Thursday, October 9, 2014

Diabetes: Not to be ignored


Have you ever experienced a situation like this: Someone is speaking and they are truly annoying? You would simply love to ignore them but the information they are conveying is important. You shouldn’t ignore them. 

How about when you’re on a jury panel and the judge is reading the expectations and responsibilities that you and your fellow panelists are expected to follow? “Dang, I hate being on jury duty. I’d like to be anywhere else!” But the person on trial is depending on you to pay attention so that they will be able to be heard. It’s their right. Regardless of your annoyance, you shouldn’t ignore that responsibility.

If your child was sick, would you ignore the symptoms or neglect their care? Certainly not.

Then tell me why SO many people who have T2 or “a touch of sugar” feel like they can ignore their condition? I feel that it may be because, quite often, it doesn’t feel or seem urgent. They may feel fine and it’s possible that their health care provider didn’t do an adequate job of conveying the seriousness of this disease. Probably they’ve read online that you can cure T2 with pills or veggie water or hocus pocus. Heck, if it’s that easy to get rid of, it must not be serious!

I felt the need to write this after posting my last bit about finding a better way to deal with my diabetes. I would hate for anyone to read that and think that I’m ignoring my diabetes or feel that it isn’t serious. That couldn’t be further from the truth. I know how serious my diabetes is and I know that I can’t ignore it. My current path doesn’t mean I’m ignoring my diabetes, I’m just not letting it rule my life. That’s an important difference.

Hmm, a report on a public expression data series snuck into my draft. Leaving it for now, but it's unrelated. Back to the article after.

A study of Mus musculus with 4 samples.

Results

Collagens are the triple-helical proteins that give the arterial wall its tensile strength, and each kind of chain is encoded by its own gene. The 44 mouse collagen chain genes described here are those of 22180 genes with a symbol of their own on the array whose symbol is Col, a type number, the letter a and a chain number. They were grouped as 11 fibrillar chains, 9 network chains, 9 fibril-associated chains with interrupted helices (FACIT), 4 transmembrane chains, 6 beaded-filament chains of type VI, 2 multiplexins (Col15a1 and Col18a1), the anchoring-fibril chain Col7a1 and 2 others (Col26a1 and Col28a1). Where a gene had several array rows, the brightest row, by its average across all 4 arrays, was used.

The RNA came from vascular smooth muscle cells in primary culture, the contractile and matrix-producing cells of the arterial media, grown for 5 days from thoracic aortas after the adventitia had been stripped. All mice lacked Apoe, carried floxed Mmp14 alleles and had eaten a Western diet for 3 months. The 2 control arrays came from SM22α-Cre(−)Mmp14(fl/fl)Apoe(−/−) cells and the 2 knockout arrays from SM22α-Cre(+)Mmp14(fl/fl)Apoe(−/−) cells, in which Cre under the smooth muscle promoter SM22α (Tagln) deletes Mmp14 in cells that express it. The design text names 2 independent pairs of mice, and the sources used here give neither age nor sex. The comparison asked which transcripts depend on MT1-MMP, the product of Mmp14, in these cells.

I will admit, especially during my recent funk, that I’ve felt like type 2 diabetes just isn’t as serious as type 1. (I can’t believe I even typed that.) It’s simply a matter of reading about how T1s need to monitor so closely, stick themselves numerous times per day and are often faced with situations that can easily turn deadly. Sometimes that realization makes me feel guilty for shouting that "T2 is serious!" T2 isn’t like T1. We can actually ignore our diabetes, do what we want, and not have any immediate repercussions. Does that make it less serious? Nope. In fact, it could be argued that that makes T2 more serious because, in the long run, we could face all those serious complications if we don’t pay attention, and so many people aren't paying attention!

I don’t mean to turn this post into an “us vs them” discussion. Diabetes is deadly serious, regardless of type. I just want to hammer home to those T2s who might be reading this: Don’t ignore your diabetes. Don’t assume that it will go away. Educate yourself and take the time and energy to find out what combination of medicine, food plan and exercise will work best for you.

I’m going to quote something I read in an AARP Bulletin today, “As physicians, we counsel, we coach, we prescribe, we cheerlead. But the only person who treats diabetes is the person who has it.” Physician Daniel Lorber (emphasis is mine).

Sage words. Please pay attention.

Two posts in two days. I might be back.

10 comments:

  1. Hi Kate. Sugar can be replace by Stevia right?
    http://diabetes-person.blogspot.com/2014/10/stevia-as-diabetes-sugar-replacement.html





    That's not to say ANYONE should ignore diabetes. EITHER type. But it happens.



    The reason I'm hyper vigilant is that I do NOT want the complications that would come with uncontrolled T2.